How to revitalise and unify a public broadcasting service brand: with Hymn’s bold redesign of RTS
In the age of streaming and social media, public broadcasting services have had to adapt and evolve in order to survive. RTS (Radio Télévision Suisse), the only French national channel in Switzerland, is one such example. By responding to these new formats of media consumption, and the shifting patterns of consumers, RTS was perpetually trying to reinvent itself and its outputs, which eventually led to conflicting changes and inconsistent messaging.
To reach a definitive solution, they partnered with Lausanne-based design studio Hymn and set them the challenge of developing a powerful and distinctive brand identity for both RTS and its collection of brands. “RTS needed to strengthen its recognition as the only French national channel in an increasingly competitive market,” Hymn’s Founder & Creative Director Alexandre Henriques explains. “Its daughter brands (television channels and radio stations) did not sufficiently express their belonging to the RTS brand.”
The resulting visual language they designed is unifying, and establishes the brand’s presence in the current media landscape, thanks to its clear hierarchy, updated baselines, values and emotions. Crucially, the updated look retains RTS’ essential ‘Swissness,’ with the flexibility and scope to expand the brand further in the future.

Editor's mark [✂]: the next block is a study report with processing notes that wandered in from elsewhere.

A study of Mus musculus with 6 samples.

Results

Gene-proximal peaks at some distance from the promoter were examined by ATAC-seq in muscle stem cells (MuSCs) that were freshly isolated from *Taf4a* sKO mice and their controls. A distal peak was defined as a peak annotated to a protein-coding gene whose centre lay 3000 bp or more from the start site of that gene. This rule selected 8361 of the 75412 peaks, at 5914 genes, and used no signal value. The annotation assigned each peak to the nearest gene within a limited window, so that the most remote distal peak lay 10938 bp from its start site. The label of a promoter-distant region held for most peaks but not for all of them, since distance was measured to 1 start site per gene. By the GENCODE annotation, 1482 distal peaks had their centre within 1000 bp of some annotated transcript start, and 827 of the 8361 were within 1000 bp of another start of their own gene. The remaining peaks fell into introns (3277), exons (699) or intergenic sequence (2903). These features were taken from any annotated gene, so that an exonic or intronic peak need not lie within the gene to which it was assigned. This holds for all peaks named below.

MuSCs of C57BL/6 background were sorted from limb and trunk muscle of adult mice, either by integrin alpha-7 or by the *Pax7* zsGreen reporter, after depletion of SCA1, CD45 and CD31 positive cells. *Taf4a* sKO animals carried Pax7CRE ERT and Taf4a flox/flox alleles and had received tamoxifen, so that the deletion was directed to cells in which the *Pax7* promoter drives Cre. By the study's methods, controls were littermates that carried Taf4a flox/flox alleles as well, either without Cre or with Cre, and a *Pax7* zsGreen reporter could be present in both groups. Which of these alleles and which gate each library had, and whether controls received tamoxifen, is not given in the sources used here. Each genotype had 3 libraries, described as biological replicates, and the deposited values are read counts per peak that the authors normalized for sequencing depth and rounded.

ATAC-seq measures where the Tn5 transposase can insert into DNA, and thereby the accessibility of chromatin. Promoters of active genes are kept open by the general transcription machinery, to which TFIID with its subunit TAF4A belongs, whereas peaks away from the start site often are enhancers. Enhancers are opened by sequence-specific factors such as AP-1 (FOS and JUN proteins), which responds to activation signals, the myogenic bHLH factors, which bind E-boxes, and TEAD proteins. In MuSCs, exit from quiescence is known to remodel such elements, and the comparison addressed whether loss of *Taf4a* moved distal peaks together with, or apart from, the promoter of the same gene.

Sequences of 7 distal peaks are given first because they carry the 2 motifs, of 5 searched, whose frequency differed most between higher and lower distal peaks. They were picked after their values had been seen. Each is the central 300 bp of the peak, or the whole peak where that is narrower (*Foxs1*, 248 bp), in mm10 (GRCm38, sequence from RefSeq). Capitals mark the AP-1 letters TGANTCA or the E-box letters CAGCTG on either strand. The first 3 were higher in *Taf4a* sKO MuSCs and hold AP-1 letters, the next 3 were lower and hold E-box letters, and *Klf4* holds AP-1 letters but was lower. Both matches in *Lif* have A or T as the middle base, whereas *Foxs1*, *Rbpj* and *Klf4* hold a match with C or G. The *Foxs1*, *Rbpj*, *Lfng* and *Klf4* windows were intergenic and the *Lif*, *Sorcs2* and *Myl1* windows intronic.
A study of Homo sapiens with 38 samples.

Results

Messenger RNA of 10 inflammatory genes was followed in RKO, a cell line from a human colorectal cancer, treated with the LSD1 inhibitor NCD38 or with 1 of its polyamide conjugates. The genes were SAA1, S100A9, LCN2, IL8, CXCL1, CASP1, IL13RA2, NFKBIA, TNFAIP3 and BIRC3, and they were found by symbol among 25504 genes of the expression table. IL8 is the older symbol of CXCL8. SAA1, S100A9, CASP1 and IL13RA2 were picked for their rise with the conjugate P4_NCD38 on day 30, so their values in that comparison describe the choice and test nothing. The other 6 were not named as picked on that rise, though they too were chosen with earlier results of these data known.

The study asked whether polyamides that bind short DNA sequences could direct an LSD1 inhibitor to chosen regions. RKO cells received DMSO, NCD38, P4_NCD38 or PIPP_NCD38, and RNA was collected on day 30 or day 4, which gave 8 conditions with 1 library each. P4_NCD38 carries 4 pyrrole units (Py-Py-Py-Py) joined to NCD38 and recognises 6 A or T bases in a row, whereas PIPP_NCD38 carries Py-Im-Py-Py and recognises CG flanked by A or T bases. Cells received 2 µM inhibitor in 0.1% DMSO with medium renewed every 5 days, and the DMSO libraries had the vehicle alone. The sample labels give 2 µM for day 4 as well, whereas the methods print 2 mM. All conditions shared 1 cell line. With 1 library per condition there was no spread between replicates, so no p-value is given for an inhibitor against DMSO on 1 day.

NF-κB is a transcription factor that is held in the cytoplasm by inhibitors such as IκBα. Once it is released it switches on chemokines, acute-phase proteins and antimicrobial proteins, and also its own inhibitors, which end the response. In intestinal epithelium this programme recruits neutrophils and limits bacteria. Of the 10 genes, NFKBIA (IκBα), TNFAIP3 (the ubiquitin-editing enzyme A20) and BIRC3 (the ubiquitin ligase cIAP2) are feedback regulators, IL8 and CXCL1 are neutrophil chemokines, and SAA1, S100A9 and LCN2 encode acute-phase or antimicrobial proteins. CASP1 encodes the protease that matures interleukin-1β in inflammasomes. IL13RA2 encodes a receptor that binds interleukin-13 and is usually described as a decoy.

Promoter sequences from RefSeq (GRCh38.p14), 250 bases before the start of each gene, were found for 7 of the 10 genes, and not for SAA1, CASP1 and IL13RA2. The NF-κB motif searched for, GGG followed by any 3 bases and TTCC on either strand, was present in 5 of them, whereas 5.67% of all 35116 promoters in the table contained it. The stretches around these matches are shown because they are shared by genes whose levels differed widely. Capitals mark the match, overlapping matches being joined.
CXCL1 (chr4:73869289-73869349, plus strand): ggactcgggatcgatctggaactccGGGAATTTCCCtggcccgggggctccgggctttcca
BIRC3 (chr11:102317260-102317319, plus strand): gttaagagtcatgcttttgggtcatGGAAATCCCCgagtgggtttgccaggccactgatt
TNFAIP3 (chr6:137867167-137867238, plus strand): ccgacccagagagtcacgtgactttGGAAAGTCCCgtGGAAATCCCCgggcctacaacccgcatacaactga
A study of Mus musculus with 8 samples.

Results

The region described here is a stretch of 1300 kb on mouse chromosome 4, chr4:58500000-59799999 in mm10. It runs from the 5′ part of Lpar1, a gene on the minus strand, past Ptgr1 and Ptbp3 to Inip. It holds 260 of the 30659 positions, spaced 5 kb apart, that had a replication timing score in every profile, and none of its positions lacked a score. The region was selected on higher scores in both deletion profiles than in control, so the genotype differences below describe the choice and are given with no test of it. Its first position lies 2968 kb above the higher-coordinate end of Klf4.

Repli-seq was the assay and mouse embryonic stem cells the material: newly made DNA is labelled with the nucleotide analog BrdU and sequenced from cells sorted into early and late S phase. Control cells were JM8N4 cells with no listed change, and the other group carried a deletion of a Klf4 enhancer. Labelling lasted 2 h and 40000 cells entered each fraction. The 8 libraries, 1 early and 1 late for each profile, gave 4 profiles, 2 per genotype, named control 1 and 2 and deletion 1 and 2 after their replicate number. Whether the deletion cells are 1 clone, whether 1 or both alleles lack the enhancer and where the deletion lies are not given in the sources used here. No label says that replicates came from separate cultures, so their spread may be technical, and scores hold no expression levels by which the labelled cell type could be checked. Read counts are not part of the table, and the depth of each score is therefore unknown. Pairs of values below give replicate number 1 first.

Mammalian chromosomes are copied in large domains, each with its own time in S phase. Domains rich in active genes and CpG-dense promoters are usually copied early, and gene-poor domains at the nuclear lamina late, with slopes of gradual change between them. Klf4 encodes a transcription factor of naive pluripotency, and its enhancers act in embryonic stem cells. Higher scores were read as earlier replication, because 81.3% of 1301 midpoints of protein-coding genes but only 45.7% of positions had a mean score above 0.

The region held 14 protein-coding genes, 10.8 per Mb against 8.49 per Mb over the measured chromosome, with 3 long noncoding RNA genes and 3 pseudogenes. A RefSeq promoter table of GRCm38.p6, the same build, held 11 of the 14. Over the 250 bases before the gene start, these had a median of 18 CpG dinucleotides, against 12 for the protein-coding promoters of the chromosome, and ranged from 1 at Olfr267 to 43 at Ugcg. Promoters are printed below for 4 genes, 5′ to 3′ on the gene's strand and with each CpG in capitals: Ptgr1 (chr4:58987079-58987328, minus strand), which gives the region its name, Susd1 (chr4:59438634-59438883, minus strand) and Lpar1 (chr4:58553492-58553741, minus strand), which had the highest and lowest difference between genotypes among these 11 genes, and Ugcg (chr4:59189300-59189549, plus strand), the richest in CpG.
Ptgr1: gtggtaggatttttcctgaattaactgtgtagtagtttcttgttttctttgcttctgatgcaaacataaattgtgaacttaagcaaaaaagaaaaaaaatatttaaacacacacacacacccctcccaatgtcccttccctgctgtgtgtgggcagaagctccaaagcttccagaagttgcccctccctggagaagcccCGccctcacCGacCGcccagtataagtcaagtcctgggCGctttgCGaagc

It builds upon the original RTS logo with a complimentary selection of colour, animation, audio, and type. Collaborating with newglyph’s Ian Party, the team developed RTS Neue, a meticulously crafted variable typeface which balances an industry-friendly ‘French-Switzerland’ feel with a touch of ‘atypical audacity.’ Henriques reveals that they worked with Party “not only because he is one of the best (and nicest) typographers in Switzerland,” but also because they were looking for a variable and versatile typeface – an expertise of newglyph.
Retaining the main logo’s iconic red, the colour palette also nods to Swiss culture with a series of vibrant reds for on-screen and out of home applications. “The colour system needed to help differentiate, as clearly as possible, all the channels (TV, radios) and themes (News, Sport, Culture),” Henriques adds. “We also took advantage of this operation to revitalise the dynamics of all the colours and optimise them for the new TV screens.” The digital experience is enhanced with a collection of bespoke auditory components, created by Swiss-Romand composer and interpreter SANDOR.
Finally, the classification of the concept was the final element required to solidify the new brand identity, with the content organised along two main axes: vertical and horizontal. The vertical axis represents the channels, while the horizontal axis represents the themes. This allows for a wide range of variations within these two layers. Similar to a deck of cards that can be unfolded horizontally or vertically, viewers can easily navigate the same concept across both broadcast and digital channels.